Fossil fuel

A fossil fuel is a fuel formed by natural, geological processes. The principal source of fossil fuels is the anaerobic decomposition of buried dead organisms, containing organic molecules originating in ancient photosynthesis.[1] The transitions from these source organic materials to the resulting fossil fuels typically requires a geological process of millions of years, and sometimes more than 650 million years.[2] During this process the materials transform into several high-carbon minerals, including petroleum, coal, and fossil or natural gas.[3] Humans extract these transformed materials through mining and drilling and frequently use them for energy through combustion.[4]

Coal, a fossil fuel. Coal forms in a million-of year geological process, transforming biomass into a solid rock-like carbon mineral. Because it is a solid, it is easily mined and transported. Coal is an important source of energy and has historically been an important ingredient in steelmaking and other industrial procesess.

When extracted, fossil fuels can also be transformed into other chemicals or derivatives by the refining and chemical industries. Commonly-used refined fossil fuels include kerosene, gasoline and propane, and common chemicals, include most plastics and agricultural chemicals like fertilizers and pesticides. As of 2018, the world's main primary energy sources consisted of petroleum (34%), coal (27%), and natural gas (24%), amounting to an 85% share for fossil fuels in primary energy consumption in the world. Non-fossil sources included nuclear (4.4%), hydroelectric (6.8%), and other renewables (4.0%, including geothermal, solar, tidal, wind, wood, and waste).[5] The share of renewables (including traditional biomass) in the world's total final energy consumption was 18% in 2018.[6]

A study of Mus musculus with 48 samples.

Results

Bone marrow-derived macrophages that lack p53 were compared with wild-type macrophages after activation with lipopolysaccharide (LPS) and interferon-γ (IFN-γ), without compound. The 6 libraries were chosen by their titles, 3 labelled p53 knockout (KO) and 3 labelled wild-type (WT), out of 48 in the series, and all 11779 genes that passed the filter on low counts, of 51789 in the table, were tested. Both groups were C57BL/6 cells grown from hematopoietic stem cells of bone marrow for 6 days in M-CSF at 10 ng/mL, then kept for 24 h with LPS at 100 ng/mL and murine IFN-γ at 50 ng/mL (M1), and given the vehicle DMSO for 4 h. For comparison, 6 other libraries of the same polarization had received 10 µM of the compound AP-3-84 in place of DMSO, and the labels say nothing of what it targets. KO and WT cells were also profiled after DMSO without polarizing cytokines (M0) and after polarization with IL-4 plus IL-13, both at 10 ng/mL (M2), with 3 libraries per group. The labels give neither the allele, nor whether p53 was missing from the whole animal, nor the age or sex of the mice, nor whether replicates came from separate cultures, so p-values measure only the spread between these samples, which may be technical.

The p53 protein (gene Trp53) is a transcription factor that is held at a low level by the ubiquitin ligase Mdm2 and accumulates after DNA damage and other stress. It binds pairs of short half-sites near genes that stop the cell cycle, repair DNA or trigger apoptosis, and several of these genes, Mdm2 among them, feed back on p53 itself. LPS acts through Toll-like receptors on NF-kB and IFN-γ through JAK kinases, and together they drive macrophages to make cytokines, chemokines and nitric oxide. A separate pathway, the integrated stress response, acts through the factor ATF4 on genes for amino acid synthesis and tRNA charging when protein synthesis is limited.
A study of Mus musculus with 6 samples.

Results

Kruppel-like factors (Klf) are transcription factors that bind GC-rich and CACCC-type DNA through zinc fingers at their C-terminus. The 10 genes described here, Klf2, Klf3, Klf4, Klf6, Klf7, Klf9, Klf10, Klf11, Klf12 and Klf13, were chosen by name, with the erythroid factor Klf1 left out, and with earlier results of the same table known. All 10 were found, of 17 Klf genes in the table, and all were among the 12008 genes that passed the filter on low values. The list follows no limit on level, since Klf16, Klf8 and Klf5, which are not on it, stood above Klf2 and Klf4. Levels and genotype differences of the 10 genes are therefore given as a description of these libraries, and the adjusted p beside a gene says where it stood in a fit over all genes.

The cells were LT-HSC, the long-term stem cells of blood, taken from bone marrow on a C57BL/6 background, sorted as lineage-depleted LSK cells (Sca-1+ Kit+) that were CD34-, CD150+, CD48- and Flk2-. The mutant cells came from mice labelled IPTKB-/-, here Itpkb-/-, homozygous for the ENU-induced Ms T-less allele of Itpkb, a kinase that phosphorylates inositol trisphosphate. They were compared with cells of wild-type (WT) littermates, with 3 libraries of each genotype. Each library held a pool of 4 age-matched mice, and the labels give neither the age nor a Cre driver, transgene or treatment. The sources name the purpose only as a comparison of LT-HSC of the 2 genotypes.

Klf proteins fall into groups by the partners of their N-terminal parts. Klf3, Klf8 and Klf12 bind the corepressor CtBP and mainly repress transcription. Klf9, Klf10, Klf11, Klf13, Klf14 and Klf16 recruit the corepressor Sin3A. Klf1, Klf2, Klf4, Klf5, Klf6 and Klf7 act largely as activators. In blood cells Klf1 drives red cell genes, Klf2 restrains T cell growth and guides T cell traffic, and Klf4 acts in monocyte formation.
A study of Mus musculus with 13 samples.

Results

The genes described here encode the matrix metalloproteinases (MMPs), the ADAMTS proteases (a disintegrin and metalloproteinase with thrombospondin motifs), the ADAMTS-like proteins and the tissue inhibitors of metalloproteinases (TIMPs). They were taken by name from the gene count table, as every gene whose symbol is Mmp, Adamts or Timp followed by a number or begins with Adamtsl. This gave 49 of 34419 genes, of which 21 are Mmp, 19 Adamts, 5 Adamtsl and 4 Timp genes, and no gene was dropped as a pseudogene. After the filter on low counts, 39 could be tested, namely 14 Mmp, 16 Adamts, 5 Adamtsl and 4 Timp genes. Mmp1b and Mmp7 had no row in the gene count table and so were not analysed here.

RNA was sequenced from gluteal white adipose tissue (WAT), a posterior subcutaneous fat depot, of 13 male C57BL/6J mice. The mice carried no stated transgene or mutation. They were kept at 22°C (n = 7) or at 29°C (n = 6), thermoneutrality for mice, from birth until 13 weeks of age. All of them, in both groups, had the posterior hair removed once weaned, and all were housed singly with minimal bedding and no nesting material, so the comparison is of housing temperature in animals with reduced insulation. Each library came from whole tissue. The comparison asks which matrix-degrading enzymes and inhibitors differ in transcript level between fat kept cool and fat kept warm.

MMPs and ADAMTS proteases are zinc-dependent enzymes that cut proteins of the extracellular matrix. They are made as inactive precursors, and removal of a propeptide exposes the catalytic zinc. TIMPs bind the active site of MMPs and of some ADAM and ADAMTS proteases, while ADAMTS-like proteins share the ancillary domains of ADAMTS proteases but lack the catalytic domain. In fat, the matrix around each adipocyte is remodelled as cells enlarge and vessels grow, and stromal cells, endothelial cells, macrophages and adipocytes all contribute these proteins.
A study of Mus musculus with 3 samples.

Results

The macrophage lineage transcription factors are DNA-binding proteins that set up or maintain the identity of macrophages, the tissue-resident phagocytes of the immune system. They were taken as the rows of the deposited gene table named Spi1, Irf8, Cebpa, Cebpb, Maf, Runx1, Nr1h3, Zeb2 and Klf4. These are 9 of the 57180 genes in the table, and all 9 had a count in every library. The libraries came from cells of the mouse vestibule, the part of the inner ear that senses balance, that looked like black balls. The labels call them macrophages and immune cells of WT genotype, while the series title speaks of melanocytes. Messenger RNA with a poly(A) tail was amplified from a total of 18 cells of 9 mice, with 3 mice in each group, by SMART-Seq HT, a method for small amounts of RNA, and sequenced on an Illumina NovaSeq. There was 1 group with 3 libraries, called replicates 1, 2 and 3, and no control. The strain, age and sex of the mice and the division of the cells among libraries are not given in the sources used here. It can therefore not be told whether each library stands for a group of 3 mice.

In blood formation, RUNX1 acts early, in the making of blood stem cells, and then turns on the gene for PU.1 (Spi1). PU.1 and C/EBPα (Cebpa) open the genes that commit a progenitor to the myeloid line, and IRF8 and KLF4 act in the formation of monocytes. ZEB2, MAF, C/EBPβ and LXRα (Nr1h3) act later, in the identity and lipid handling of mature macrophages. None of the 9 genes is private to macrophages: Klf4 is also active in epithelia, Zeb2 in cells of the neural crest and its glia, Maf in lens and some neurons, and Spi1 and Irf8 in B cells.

Fossil fuels cause serious environmental damage and direct negative consequences on local communities at every stage in their use: extraction, transportation and consumption of the fuels. Most significantly, the burning of fossil fuels produces around 35 billion tonnes (35 gigatonnes) of carbon dioxide (CO2) per year,[7] or about 89% of all carbon dioxide (CO
2
) emissions.[8] Natural processes on Earth (mostly through absorption by the ocean) can only absorb a small part of this amount, therefore there is a net increase of many billion tonnes of atmospheric carbon dioxide per year.[9] CO2 is a greenhouse gas that increases radiative forcing, thus fossil fuels are the main source of greenhouse gas emissions causing global warming and ocean acidification. Additionally, most air pollution deaths are due to fossil fuel combustion products: it is estimated that this pollution costs over 3% of global GDP,[10] and that fossil fuel phase-out would save 3.6 million lives each year.[11]

Recognition of the climate crisis, pollution and other negative impacts caused by fossil fuels, has lead to a widespread policy transition and activist movement focused on ending their use in favor of renewables. However, because the fossil fuel industry is so important to the global economy and historically heavily subsidized this transition is expected to have significant economic impacts. Many stakeholders argue that this changes needs to be a just transition and create policy that addresses the stranded assets of the fossil fuel industry. International policy, in the form of Sustainable Development Goal 7: Affordable and Clean Energy, Sustainable Development Goal 13: Climate Action and the Paris Climate Agreement, are designed to facilitate this transition at a global level. In 2021, the International Energy Agency, concluded that no new fossil fuel extraction projects could be opened, if the global economy and society wants to avoid the worst impacts of climate change and meet international goals for climate change mitigation.[12]